As the WHO’s Millennium Development Goals reach their final phase, Sara Gorman reflects on what we have learned about how political, cultural and financial contexts impact the success of universal health coverage systems.
In May of 2013, Margaret Chan affirmed the WHO’s commitment to achieving universal health coverage worldwide, proclaiming “universal health coverage is the single most powerful concept that public health has to offer”. For Chan, public health measures such as universal health coverage represent a key component of development work in the 21st century. As the Millennium Development Goals (MDGs) begin to wind down with their 2015 expiration date looming, the WHO has turned its attention toward the next set of goals for world health. With statistics revealing that more than 100 million are pushed into poverty each year due to excessive health care costs, it seems ever more urgent to advocate for universal health coverage, spreading the costs across entire populations.
Yet even as it is essential to embrace a global move toward universal health coverage, it is equally vital to continue asking whether there is enough evidence to show that universal health coverage really improves population health. If not, it will become important to search for ways to make universal health coverage more effective at achieving its underlying goal: improving health. Thus, questions must be asked not only about whether countries are implementing universal health coverage but also about whether this implementation seems to be working. What are the constraints to achieving better population health as a result of universal health coverage?
What is the evidence that universal health coverage improves population health? As Moreno-Serra and Smith have observed, much of the research on the relationship between healthcare financing and health outcomes has failed to take causality into account. A series of studies have demonstrated a correlation between greater pooling of health funds and increased life expectancy. Yet these correlations are not enough to suggest that this change in the structure of healthcare financing is causing an increase in life expectancy, especially in low- and middle-income countries facing a demographic transition.
More recent longitudinal studies have managed to show a causal relationship between universal health coverage and better health. Recent research in PLOS Medicine has noted the success of universal health coverage on women’s health in low- and middle-income countries, including Afghanistan, Mexico, Rwanda, and Thailand. However, the effects of universal health coverage can vary depending on the robustness of a given country’s governance. Countries with strong governance tend to benefit the most from increased health coverage, while countries with weak governance benefit much less. It therefore seems essential that health coverage expansion in countries with poor governance infrastructure be accompanied by improvements in public administration. Because the effects of universal health coverage seem prone to the influences of context, there is a need for more studies of ways in which particular small changes in local institutions and government and financial structures can affect the relationship between universal health coverage and improved population health.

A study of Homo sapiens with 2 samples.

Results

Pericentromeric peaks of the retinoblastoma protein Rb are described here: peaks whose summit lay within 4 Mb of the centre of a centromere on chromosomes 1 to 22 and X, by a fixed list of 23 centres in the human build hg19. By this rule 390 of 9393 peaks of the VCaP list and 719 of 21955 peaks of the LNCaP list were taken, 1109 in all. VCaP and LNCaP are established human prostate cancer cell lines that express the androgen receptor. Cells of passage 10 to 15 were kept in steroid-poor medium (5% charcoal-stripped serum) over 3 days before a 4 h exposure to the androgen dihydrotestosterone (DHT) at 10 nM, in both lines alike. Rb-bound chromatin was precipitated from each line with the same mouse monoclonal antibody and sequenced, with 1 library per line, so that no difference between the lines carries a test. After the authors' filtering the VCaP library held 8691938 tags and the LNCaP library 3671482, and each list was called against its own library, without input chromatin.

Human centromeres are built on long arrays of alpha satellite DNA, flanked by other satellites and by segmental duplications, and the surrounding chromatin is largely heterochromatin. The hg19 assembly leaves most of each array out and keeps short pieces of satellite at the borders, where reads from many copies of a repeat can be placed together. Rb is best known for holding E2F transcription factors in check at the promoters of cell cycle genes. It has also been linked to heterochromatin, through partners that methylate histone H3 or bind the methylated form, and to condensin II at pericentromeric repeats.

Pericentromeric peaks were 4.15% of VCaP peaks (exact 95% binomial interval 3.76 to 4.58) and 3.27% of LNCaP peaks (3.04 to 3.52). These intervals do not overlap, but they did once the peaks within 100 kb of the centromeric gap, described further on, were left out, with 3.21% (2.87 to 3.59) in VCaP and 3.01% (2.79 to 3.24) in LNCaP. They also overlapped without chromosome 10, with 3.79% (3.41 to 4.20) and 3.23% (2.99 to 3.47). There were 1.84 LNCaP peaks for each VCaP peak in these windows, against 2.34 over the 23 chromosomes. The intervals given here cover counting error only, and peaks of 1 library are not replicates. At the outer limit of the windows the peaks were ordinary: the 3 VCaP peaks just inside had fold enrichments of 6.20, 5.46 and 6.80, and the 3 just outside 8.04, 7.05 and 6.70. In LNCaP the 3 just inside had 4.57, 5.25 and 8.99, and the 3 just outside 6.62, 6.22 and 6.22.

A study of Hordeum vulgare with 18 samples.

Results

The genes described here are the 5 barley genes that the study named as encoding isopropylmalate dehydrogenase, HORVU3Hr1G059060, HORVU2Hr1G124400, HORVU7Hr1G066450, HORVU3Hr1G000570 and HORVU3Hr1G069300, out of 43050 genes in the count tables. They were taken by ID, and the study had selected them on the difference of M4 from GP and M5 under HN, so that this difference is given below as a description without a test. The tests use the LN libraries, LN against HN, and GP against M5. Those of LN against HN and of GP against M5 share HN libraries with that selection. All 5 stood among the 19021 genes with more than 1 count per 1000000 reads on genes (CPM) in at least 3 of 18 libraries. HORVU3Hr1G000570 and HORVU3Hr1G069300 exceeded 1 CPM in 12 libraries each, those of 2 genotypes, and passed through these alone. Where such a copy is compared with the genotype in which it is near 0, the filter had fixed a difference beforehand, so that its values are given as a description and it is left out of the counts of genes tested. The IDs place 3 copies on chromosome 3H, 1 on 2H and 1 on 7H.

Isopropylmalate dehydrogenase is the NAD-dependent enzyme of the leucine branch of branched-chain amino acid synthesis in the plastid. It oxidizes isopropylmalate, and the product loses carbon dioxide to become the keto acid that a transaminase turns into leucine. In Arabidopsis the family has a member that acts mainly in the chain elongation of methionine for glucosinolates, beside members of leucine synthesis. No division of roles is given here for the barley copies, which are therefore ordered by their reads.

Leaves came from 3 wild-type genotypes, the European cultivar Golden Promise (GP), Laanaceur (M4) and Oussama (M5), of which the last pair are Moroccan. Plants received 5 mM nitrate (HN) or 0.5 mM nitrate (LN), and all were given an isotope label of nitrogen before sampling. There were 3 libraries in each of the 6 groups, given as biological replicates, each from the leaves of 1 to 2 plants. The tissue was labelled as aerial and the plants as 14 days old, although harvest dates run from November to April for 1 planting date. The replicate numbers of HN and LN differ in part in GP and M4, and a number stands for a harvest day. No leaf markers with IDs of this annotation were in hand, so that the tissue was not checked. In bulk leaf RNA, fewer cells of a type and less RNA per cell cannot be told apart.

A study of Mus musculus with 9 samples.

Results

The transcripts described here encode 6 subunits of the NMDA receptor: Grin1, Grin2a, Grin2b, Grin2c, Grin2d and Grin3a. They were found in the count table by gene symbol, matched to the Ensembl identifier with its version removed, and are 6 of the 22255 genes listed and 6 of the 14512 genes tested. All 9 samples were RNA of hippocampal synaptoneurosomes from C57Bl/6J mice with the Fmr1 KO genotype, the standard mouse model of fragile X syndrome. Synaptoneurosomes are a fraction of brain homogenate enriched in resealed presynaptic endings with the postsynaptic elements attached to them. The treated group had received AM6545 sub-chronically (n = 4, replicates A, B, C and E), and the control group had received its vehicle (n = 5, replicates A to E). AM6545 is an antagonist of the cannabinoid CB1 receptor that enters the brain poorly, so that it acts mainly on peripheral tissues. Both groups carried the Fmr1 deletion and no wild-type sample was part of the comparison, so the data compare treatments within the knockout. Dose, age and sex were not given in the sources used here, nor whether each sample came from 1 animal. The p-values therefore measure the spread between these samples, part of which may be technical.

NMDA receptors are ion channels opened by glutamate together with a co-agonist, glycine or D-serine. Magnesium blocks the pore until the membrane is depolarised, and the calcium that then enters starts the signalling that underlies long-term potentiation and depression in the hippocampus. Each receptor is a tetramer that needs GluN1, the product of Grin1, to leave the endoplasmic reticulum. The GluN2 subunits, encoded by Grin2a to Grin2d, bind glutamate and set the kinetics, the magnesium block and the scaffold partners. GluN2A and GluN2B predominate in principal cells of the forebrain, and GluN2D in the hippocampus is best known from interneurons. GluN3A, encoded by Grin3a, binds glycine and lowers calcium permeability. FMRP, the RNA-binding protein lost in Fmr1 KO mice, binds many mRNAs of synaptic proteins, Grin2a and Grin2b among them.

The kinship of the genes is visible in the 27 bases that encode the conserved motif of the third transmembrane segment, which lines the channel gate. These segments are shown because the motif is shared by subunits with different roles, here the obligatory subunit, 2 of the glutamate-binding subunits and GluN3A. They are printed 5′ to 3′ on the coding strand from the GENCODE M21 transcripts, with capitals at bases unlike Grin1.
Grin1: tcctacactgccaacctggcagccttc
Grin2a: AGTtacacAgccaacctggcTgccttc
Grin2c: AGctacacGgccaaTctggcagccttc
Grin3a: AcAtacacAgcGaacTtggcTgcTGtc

Some low- and middle-income countries have faced serious setbacks in implementing universal health coverage. In Nigeria, for example, universal health coverage has largely faltered due to poor infrastructure and low-quality health services. Problems with implementing universal health coverage in Mexico are another example of poor infrastructure and efficiency before the implementation of the new plan carrying over into the new plan and reducing its potential effects on population health. A lack of health facilities in rural areas remains a major barrier for poor people who are now covered but have nowhere to go for healthcare. In addition, since the system is financed through central government allocations to states, the country has faced problems with lack of accountability and transparency regarding use of these state funds.
In theory, universal health coverage is among the most powerful tools public health has to improve population health. Yet in reality, implementing universal health coverage has to be accompanied by a wide range of other health systems strengthening approaches within a broader development framework. Attention to context is key. The structure of universal health coverage plans must be sensitive to the particulars of the government infrastructure and financial structures in place in the country in question. In addition, attending to issues of supply and quality is essential. Implementing a universal health coverage plan without insuring that there are enough quality doctors and hospitals means spending a lot of money with little chance of better health results, especially for the most disenfranchised portions of the population. Universal health coverage is no magic bullet, but it is a vital tool in improving population health in the post-MDG era.